I Used to Manically Slick My Hair Back
I USED to manically slick my hair back with both hands like a ﬂy.
I used to run my eyebrow antennae through the space between my teeth.
I would post myself on a lampshade or on the lip of a lonely girl’s tub.
I’d sit still, upside down in the curtains, and say in my scheming heart:
“Oh, let me just once witness her salty gasp of despair ecstasy! Let me
Hear her parched voice crack at the ﬁrst vowel in my secret name.”
Good times—even if it was the Jahiliyya, “the Era of Ignorance.” Oh, and the
Bedouin poetry I wrote in those days will stand up to a thousand readings . . .
But now I know too well that all those sighs and secret names, all those
Eye widenings and shudders, they never have anything to do with you:—
Say what you like, whatever name she pronounces is His name,
And whatever she pictures in her mind’s eye is the imago of the Dark God.
I Shall Sit Atop Olympus
I SHALL sit atop Olympus; I shall juggle dying worlds.
I shall triﬂe with Great Hatreds and toy with Young Love.
So, let the girl from Rose Apple Tree Island bring her famous box of paints.
Let her set to work with her single-haired paintbrush on the living face of the Queen.
Not for nothing do we maintain this race of bird-eating royal spiders.
Each precious abdominal hair follicle has its place in the Cosmetic Scheme.
Behold our palace foreman, wise in the ways of pleasure. He has a belt with a
Wheel of revolving dildos, like the lens turret on a microscope.
And when our scientiﬁc equipment fails us, we punish it with a hammer!
In the case of our most advanced equipment, we have to use a jeweler’s hammer.
In my culture, we know the outsiders by the fact they can’t answer our riddles.
“Father’s in the room; his beard is outside” is a ready-to-hand example . . .
But to sharpen his carpenter’s pencil, Madrid al -Katib has no need of a knife.
He just sticks it in his mouth and sucks. One suck and it’s sharp as a needle.
Fuck Buddha I'm Buddha Nobody's Buddha Quit Talking About Buddha
FUCK Buddha, I’m Buddha, nobody’s Buddha, quit talking about Buddha.
You can’t intimidate me with your Thangka-toy halo.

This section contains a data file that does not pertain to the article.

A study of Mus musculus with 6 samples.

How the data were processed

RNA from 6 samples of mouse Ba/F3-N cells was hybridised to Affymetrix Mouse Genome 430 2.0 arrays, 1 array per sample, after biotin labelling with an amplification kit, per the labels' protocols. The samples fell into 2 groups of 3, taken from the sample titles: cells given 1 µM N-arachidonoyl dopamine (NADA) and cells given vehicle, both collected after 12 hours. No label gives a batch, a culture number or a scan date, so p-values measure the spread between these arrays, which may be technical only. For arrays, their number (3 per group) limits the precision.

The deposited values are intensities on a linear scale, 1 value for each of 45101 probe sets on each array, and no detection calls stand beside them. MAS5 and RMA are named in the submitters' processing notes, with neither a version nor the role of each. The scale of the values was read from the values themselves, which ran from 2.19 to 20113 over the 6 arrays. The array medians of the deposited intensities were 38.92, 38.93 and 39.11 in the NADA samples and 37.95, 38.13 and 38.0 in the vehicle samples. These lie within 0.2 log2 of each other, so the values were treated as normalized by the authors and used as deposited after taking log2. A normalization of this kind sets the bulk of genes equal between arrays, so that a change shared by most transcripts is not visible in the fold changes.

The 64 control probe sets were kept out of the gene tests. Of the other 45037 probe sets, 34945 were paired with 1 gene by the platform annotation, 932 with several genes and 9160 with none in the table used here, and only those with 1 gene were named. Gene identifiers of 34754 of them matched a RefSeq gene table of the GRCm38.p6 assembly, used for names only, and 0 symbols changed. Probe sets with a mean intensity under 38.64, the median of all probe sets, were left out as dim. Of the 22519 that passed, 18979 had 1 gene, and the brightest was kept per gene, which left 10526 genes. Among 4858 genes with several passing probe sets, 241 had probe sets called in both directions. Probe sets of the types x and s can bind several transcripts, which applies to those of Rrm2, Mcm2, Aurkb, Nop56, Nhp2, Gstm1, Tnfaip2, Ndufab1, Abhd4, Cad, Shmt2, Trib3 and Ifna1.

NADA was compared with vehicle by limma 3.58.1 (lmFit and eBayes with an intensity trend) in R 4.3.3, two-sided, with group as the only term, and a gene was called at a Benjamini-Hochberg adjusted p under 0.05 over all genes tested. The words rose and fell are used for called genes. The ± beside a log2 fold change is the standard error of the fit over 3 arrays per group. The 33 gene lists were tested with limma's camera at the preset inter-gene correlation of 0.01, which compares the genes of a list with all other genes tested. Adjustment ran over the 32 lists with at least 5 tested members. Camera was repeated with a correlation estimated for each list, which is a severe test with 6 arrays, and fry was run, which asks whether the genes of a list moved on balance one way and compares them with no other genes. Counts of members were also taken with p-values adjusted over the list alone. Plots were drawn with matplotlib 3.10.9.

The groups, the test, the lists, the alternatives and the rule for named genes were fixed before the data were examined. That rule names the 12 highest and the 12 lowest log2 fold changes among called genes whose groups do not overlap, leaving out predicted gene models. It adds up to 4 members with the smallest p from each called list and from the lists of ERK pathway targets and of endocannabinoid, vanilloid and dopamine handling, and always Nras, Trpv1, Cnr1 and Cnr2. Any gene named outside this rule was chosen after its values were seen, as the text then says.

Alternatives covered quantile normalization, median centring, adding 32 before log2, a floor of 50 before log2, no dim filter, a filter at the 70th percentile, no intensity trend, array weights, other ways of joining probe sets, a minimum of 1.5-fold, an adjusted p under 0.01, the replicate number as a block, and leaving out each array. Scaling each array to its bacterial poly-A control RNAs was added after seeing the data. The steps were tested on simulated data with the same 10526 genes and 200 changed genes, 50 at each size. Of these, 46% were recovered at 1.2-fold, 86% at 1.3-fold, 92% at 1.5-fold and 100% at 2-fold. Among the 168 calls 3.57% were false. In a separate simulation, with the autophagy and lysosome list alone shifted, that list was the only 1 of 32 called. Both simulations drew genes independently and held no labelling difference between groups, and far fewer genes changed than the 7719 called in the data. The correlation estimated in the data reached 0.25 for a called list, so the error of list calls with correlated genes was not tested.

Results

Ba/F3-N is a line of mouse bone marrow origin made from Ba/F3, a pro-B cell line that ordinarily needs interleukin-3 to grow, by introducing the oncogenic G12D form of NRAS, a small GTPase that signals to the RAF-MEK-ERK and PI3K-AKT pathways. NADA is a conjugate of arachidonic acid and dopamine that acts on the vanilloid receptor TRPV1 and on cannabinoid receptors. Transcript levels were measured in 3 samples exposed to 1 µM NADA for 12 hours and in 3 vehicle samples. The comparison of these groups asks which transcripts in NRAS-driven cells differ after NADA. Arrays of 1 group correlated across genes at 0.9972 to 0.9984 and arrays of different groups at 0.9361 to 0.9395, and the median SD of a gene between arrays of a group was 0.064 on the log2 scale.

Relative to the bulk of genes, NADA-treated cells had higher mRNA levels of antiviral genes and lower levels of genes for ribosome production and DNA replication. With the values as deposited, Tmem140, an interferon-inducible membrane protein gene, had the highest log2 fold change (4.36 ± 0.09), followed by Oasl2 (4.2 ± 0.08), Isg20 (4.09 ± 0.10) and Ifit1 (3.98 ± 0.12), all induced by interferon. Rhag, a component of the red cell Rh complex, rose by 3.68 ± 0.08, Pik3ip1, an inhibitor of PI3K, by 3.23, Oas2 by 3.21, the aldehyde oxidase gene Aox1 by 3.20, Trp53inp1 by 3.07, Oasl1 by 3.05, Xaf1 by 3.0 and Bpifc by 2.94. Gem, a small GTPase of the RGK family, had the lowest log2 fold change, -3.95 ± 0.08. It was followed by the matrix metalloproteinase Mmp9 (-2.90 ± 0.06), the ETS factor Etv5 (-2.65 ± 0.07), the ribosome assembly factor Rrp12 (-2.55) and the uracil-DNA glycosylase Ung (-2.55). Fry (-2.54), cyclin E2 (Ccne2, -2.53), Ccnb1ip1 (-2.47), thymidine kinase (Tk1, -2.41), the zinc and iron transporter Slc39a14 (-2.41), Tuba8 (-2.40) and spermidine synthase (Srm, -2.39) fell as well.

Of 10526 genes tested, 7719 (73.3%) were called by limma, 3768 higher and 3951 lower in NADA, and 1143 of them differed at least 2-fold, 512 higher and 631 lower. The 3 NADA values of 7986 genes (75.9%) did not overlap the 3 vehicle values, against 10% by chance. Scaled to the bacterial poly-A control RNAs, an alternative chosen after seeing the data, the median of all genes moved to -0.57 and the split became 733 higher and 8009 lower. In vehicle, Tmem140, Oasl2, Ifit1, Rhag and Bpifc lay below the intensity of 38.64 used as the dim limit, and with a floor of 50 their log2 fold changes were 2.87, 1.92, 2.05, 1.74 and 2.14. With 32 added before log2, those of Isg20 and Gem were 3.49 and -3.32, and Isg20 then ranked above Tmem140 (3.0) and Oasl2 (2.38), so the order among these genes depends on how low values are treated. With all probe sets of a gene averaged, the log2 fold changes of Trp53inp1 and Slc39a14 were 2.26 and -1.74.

You can’t intimidate me with your kneeling animals, your “journey,” your treasure words.
For I am just returned from beyond the endurable limits of human wisdom.
I walked on the bottom of a swimming pool. Saw giraffe-skin patterns of light.
Saw for myself what the light spelled out, and here is what I now know:
That gravity is not love. No; nor explosiveness, strife. Let me not
To the marriage of true minds admit Empedocles.
That mirrors are for seeing ’round corners. They are not for looking straight on.
That’s why whoever looks into a mirror sees something other than a face.
And that you are all sanpaku—for you buy into all that sex talk. Body parts
Hunting body parts—and then you’re shocked it’s not enough.
You should walk a poolbottom. David Hockney has painted this. You’ll
Shuck all that Buddha talk. You’ll send up little bubbles . . .
And perhaps you’ll shed a tear for your babbling younger self.
Don’t be afraid to cry. For crying replenishes the pool. And indeed
The Maitreya Buddha Mardud has no quarrel with sentimental tears.
He says the harm only comes in when we try to defend them.
ANTHONY MADRID lives in Chicago. His poems have recently appeared or are forthcoming in AGNI Online, Boston Review, Fence, Gulf Coast, Iowa Review, Lana Turner, LIT, Poetry, Washington Square, and WEB CONJUNCTIONS. His first book, called I AM YOUR SLAVE NOW DO WHAT I SAY, was published by Canarium Books, spring 2012.